Title: Kiss Me Again
Author: Rachel Vail
Genre: YA Contemporary
Series: If We Kiss (Book 2)
Publication Date: December 26, 2012
Format: Hardcover, 256 Pages
ISBN-10: 0061947172 (HarperTeen)
ISBN-13: 978-0061947179 (HarperTeen)
Reviewed by: Michelle
He closed the distance I’d opened up between us and kissed me lightly on the lips. “Maybe we can just be,” Kevin whispered.
Charlie Collins doesn’t know what to do about Kevin Lazarus, her crush and, awkwardly, her new stepbrother. Things were complicated enough when their parents were only dating and when Kevin was going out with Charlie’s best friend, Tess. Now, post-wedding, Charlie and Kevin are crossing paths and crossing lines, and then they have to eat breakfast . . . together.
If only Charlie could get some time away from Kevin and her annoyingly happy and strange stepfamily, she might be able to deal. Yet first she has to make things right with George, her sort-of boyfriend, and Tess, whose trust she broke. But while Charlie struggles to be the perfect friend and daughter, at the end of the day Kevin is the one waiting for her at home. Would it really be so bad if they kissed again?
Quick & Dirty: The aftermath of a first kiss has led to the tension leading to the next kiss.
Opening Sentence: I tried not to look at Kevin Lazarus’ lips, or remember how they tasted.
Kiss Me Again is the sequel to Rachel Vail’s If We Kiss. There is a lot of charm in this book, mostly from the main character, but also from the scenarios that Vail writes about. Family, love, and relationships theme the pages of the book, and it was fun to read.
Awkwardness abound as Charlie and Kevin are now stepsiblings. After the marriage of her and Kevin’s parents, after the broken friendship between Tess and herself, and after the confusion of her relationship with Kevin, Charlie has to figure it all out. Her situation doesn’t get any easier as more complications come into play. The confusion isn’t one-sided, and Charlie has to figure out her feelings for Kevin. Charlie has to think about the consequences of hurting more people, trying to prevent what happened with her and Tess. And amidst it all, Charlie has to find out what she wants.
I think Charlie has grown a bit in Kiss Me Again. There have been a lot of changes in Charlie’s personal life, aside from the moments of kisses, and I think she dealt with them realistically. Vail wrote her in a way that held true to the character’s persona and for someone her age. Charlie is emotionally confused for most of the book, trying to balance her feelings and her beliefs. Kevin, George, her family, and her friends all add to the chaos of her emotions and her thoughts. It’s like Charlie muddles through life, trying to survive Kevin, school, and all of the changes going on. I felt more engaged with her and definitely more connected this time around.
Once again, I had a love and hate relationship with Kevin. But I think that was the purpose. I was confused at Kevin’s intentions, and definitely confused about his feelings. While some of his actions relayed interest, there is the sly boy persona that plays hard to get. Don’t get me wrong, it is also Charlie’s fault, but I felt that Kevin didn’t help with anything Charlie was trying to accomplish. There’s this fine line that I walked, feeling like the whole thing was going to be too much. But Vail did a good job with writing his character and making him Charlie’s biggest obstacle to overcome.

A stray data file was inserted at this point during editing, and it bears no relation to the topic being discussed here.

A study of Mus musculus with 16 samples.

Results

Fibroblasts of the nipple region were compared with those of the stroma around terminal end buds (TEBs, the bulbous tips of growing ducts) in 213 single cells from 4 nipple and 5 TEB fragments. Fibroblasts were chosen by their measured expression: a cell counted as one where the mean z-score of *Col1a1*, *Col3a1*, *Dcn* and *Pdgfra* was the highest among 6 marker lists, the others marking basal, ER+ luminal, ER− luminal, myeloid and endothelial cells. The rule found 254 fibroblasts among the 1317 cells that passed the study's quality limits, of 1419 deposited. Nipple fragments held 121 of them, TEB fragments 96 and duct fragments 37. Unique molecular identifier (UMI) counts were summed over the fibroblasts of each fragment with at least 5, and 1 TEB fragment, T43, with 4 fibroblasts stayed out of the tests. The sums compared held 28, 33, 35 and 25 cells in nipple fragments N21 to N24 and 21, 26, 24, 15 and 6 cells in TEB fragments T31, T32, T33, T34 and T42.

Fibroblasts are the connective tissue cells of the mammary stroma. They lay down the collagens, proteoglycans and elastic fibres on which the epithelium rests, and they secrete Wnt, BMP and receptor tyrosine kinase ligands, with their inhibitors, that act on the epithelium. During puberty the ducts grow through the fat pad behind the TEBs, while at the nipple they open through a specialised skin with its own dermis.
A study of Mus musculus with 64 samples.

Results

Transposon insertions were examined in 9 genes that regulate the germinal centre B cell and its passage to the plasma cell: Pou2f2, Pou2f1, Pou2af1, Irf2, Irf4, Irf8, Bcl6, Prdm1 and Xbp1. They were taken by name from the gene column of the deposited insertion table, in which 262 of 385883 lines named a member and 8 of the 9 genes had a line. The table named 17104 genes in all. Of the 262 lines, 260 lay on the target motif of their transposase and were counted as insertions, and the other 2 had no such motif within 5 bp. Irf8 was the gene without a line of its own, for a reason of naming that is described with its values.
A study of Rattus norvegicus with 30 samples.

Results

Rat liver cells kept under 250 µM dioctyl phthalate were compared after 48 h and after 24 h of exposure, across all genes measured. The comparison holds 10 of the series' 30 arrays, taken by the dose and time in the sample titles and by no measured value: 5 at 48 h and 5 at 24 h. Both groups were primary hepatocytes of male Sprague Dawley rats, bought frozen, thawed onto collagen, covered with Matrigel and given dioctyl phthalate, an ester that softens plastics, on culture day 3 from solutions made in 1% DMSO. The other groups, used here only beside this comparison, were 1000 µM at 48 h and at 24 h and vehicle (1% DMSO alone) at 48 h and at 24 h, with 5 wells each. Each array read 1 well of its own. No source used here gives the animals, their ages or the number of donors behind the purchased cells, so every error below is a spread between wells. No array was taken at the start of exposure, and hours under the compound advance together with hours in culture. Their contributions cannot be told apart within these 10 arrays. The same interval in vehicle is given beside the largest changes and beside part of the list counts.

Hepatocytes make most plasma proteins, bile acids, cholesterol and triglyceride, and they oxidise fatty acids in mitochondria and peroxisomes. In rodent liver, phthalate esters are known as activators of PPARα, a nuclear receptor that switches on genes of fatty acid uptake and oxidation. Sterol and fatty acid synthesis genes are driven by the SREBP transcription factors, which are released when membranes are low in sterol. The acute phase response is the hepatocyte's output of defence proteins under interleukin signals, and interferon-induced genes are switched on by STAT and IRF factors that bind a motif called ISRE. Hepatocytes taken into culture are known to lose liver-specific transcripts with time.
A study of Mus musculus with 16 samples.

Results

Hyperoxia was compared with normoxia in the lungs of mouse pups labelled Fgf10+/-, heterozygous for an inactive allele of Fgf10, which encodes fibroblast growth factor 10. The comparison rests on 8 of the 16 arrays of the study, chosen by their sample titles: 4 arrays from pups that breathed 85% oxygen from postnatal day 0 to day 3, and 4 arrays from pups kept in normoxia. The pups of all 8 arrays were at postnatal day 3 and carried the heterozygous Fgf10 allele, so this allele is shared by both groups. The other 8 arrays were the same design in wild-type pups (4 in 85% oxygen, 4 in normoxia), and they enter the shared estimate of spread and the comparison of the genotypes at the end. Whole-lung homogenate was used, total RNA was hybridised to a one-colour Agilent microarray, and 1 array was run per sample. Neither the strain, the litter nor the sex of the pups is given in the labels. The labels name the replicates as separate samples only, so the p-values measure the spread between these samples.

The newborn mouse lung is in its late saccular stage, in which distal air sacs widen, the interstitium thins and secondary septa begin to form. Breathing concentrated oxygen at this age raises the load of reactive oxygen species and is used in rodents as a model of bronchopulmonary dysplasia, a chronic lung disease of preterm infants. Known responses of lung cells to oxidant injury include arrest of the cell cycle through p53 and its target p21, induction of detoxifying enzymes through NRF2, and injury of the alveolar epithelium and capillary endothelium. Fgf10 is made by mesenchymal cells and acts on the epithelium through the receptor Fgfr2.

There is angst in Kiss Me Again, as much as the first book, but there was a lot of growth all around. From the characters to Charlie herself, I felt that the story came to a happy ending. I felt like the story moved past the original kiss to topics of love and relationships. From Charlie’s parents to her new found family, and even to the relationship with Tess, I felt like Vail spoke and defined different levels of love. This is high school, freshman year at that, and I still feel like Vail represented it in a true sense.
It’s not always easy for me to read books where the main character is so young. It’s been a while since I’ve been that age and it’s sometimes a challenge for me to connect to the main character. But in Kiss Me Again, I think Vail was able to do that and bring me back to that age. I was able to feel the anxiety and the stress of Charlie’s problems, allowing myself to be transformed into a 15-year old girl. And because of that, I thought this was a great read.
He stood up, so I did, too. My hands were sticky with radioactive-looking melted mint chip ice cream.
“Hey, George … ,” I said, launching into the conclusion I’d written in the margin of my notebook earlier in the day. “I just, I hope you will know someday that this is a new leaf for me, my first step in trying to do the right thing and be a good friend.”
“It is what it is,” George said, and started to walk away. He turned around after about twenty steps and grinned his lopsided grin at me. “Is it bad that I’m feeling happy you paid for the ice cream?”
I smiled back. “No,” I answered. “Not at all.”
If We Kiss Series:
1. If We Kiss
FTC Advisory: Harper Teen provided me with a copy of Kiss Me Again. No goody bags, sponsorships, “material connections,” or bribes were exchanged for my review.
You can follow any responses to this entry through the RSS 2.0 feed. Both comments and pings are currently closed.